Catherine Broomand, PhD, is a recipient of the 2012 David Lawrence Community Service Award

After developing the first Youth Sports Concussion Program for Kaiser Permanente in 2009, pediatric clinical neuropsychologist Catherine Broomand, PhD, set her sights on another far-reaching goal: encourage other health care systems in the Sacramento to establish similar programs.

The reason was simple, and alarming. Nearly nine out of 10 concussions go undiagnosed. As Broomand treated young athletes for sports-related concussions, she knew that a large number of non-Kaiser Permanente members were also at risk.

Less than two years later, Broomand successfully helped launch the Sacramento Valley Concussion Care Consortium (since renamed MindGame) — a volunteer-based endeavor among four health care providers (Kaiser Permanente, Sutter Health, Mercy/Dignity Health, UC Davis Health System), and the Wells Fargo student insurance program. Its mission is to raise awareness about concussions and provide student athletes with increased access to computer-based testing and medical professionals.

Tens of thousands of young people in Greater Sacramento now have access to tools and treatment that can help prevent serious brain injuries.

Broomand’s groundbreaking effort and her passion to improve the health of young athletes won her a prestigious national award within Kaiser Permanente this month: The 2012 David Lawrence Community Service Award.

The award, which is named for the former CEO of Kaiser Foundation Health Plan and Hospitals, recognizes Kaiser Permanente physicians and employees who exemplify outstanding community service. Broomand is one of 10 individuals from across the country to receive the award.

“I don’t feel this is my award,” Broomand said. “This is an award for the whole MindGame group of providers who donate their time and enable this program to exist.”

Concussions are considered to be traumatic brain injuries that can affect memory, judgment, and attention for a lifetime. Estimates suggest that more than 300,000 sports-related concussions occur annually.

While Broomand was hired in 2005 to see pediatric patients with a variety of neurological diseases, disorders, and injuries that affect brain function, she quickly developed a keen interest in concussions at a time when very little research existed on the subject. She found herself sought by children and adolescents who had suffered head injuries in football, soccer, motocross, and other sports.
The program she directs at Kaiser Permanente Roseville Medical Center consists of a protocol for treating concussions that relies in part on a cognitive computer test known as ImPACT. Used by NFL players, it also is taken by middle- and high-school students at the beginning of a sporting season. After a baseline is recorded, athletes retake the test following a head injury.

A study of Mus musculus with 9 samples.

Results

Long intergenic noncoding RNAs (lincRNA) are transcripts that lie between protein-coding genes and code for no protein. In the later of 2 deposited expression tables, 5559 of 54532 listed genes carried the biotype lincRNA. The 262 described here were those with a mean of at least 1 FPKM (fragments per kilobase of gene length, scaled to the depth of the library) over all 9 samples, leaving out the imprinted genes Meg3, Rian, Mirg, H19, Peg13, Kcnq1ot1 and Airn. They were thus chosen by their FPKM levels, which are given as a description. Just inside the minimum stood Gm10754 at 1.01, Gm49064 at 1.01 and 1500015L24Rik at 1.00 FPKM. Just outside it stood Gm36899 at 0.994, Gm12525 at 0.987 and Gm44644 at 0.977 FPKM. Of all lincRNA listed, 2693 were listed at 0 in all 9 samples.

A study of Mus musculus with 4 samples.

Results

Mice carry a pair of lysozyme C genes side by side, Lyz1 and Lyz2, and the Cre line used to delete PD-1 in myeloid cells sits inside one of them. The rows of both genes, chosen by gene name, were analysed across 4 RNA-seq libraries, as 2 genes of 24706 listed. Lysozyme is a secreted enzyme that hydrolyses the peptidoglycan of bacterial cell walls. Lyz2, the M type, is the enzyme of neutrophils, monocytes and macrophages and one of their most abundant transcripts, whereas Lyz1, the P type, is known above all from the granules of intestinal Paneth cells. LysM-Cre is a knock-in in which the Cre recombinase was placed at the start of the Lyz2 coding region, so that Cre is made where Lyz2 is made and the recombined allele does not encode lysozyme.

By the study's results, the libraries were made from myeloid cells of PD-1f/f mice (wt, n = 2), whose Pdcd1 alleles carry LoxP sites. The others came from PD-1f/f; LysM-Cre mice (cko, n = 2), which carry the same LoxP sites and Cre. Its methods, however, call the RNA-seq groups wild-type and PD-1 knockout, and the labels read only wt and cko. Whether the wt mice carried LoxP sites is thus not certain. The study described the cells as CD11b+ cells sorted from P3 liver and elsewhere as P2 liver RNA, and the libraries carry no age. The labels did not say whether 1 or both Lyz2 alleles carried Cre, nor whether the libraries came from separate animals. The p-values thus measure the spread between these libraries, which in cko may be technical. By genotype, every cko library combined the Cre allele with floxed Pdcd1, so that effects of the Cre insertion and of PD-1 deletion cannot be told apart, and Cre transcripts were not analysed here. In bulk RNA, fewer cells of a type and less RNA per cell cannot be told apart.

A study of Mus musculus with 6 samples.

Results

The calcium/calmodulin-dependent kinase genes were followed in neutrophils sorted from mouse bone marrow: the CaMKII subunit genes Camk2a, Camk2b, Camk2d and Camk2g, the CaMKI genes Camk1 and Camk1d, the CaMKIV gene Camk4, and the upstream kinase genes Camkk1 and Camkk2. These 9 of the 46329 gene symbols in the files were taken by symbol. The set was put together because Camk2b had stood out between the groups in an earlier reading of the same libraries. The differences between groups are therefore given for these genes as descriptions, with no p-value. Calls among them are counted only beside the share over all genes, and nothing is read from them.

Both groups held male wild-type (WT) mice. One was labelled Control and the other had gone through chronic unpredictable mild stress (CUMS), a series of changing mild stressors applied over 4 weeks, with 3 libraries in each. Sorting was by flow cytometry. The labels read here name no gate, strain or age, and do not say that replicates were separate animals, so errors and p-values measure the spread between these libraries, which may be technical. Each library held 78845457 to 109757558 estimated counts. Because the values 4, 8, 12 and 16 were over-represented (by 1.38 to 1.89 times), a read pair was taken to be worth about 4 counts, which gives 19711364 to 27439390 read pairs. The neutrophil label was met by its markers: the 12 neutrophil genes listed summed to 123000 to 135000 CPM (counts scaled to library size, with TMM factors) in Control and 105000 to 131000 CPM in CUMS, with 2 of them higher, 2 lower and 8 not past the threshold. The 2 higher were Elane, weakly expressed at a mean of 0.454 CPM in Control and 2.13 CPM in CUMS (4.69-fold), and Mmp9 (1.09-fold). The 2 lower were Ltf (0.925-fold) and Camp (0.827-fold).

The providers connected to the Sacramento Valley Concussion Care Consortium, which was recently renamed MindGame, have administered baseline tests to more than 2,655 students since June 2012. Dozens of student athletes who suffered concussions have been held from play, due to the severity of their injuries.

Broomand, 38, has become a leading expert in concussions in the Sacramento area and beyond. She recently was appointed to a mild traumatic brain injury workgroup with the U.S. Centers for Disease Control and Prevention (CDC) to assist in developing national clinical guidelines for doctors’ offices and emergency departments.

She also was instrumental in KP’s involvement with Heads Up, Northern California, a partnership with the CDC to raise awareness about concussions.

Broomand is president of MindGame, a nonprofit organization. She has received numerous inquiries from schools and sporting organizations representing thousands of students that have expressed interest in improving their concussion education and awareness efforts.

“It was really critical to make a program like ours accessible to everyone, even in a competitive health care atmosphere, and despite the athletes’ insurance coverage,” Broomand said. “We will make the biggest difference by coming together as a community.”
She added: “What’s most important here is to raise awareness on every playing field, and at every school, that concussions, treated and untreated, can cause chronic impairments, permanent brain damage, and even death.”